From: Rich Felker <>
Subject: Re: make -i with linux-pam

On Mon, May 14, 2012 at 05:09:31PM -0700, Isaac Dunham wrote:
> On Mon, 14 May 2012 00:11:06 -0400
> Rich Felker <> wrote:
> > On Sun, May 13, 2012 at 08:58:24PM -0700, Isaac Dunham wrote:
> > > .libs/pam_group.o: In function `check_account':
> > > pam_group.c:(.text+0x12fe): undefined reference to `innetgr'
> > 
> innetgr stub attached as patch.

Patch missing. But I think it should just be extra aliases in

> Due to what logwtmp does (construct a wtmp log entry, then add to the
> system logfile), a stub doesn't sound sensible unless you
> actually want all logins to go unrecorded...however, it looks close to
> trivial to actually implement.

Syslog is for recording login events in the proper way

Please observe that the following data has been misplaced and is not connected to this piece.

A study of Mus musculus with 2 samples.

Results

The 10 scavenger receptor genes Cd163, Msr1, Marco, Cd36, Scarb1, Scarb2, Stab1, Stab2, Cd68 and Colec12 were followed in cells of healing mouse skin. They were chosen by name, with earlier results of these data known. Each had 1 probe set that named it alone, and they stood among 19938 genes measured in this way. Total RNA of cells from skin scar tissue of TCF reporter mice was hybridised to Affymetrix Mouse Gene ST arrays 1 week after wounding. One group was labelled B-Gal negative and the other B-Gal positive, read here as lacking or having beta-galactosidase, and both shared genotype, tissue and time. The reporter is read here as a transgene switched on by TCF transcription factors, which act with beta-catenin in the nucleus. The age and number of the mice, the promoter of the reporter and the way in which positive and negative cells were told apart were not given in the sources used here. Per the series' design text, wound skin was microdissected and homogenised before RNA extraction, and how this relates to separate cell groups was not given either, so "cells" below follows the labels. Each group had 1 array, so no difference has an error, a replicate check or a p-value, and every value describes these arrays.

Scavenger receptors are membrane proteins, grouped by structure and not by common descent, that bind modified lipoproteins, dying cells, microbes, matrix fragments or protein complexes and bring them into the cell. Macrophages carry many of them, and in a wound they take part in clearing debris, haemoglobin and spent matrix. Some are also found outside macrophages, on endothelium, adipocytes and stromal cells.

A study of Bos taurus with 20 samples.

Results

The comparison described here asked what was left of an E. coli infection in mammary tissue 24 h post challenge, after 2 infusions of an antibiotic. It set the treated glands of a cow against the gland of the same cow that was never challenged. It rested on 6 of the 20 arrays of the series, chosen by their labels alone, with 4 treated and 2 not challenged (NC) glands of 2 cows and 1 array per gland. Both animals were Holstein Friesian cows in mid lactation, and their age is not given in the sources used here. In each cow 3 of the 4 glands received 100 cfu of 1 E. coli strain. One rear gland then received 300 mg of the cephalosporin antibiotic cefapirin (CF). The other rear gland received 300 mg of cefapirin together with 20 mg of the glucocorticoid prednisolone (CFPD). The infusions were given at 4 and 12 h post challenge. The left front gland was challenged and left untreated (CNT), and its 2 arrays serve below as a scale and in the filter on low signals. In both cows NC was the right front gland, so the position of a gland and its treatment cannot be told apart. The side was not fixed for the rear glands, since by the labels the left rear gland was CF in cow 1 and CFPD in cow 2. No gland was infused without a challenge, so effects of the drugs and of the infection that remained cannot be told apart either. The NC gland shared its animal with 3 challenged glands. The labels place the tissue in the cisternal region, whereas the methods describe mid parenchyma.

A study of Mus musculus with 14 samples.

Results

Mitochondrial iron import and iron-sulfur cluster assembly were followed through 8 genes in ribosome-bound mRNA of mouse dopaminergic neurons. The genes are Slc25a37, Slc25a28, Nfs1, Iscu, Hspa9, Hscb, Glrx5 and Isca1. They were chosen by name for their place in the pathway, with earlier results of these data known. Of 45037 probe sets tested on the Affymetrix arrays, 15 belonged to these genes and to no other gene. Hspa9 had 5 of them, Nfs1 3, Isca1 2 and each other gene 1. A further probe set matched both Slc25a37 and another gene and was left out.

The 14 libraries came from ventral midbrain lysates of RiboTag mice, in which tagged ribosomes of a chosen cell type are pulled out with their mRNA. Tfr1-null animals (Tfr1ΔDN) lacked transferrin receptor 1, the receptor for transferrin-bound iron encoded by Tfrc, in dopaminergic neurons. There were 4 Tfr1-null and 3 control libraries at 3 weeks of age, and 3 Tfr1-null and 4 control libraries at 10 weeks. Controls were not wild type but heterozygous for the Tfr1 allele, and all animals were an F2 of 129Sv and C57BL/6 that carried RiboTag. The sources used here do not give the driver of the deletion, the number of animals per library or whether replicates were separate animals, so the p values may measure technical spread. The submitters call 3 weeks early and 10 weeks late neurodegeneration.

(private/confidential for only admins to see). utmp and wtmp are
misguided, insecure practices from the 1980s culture where it was
considered rude to put a password on your unix account; they exist to
publish to the world (well, everyone with accounts on the machine)
your login status and the history of your logins. If this weren't a
sufficiently serious privacy breach in itself, the api for writing
these entries also requires that you have access to the utmp/wtmp
files for write, meaning historically all programs that wrote them had
suid-root (and later sgid-utmp), resulting in countless serious vulns.

If someone wants to present a good argument FOR supporting utmp/wtmp,
I'm willing to listen and consider it, but in the absence of that I
think making them silently ignore attempts to write anything is the
most useful behavior from a privacy and security standpoint.

[Actually, anybody up for writing a modern implementation of
utmp/wtmp? Ιt would include an https implementation to log into
Facebook/Twitter (your preference!) and publish the date, time, ip
address, etc. of your login as your status update/tweet for the whole
world to see!]

> The BSDs implement this with strncpy--should an implementation for
> musl use XOPEN or GNU functions only, or are strn* acceptable?

Huh? strncpy is pure C; it's always available to use.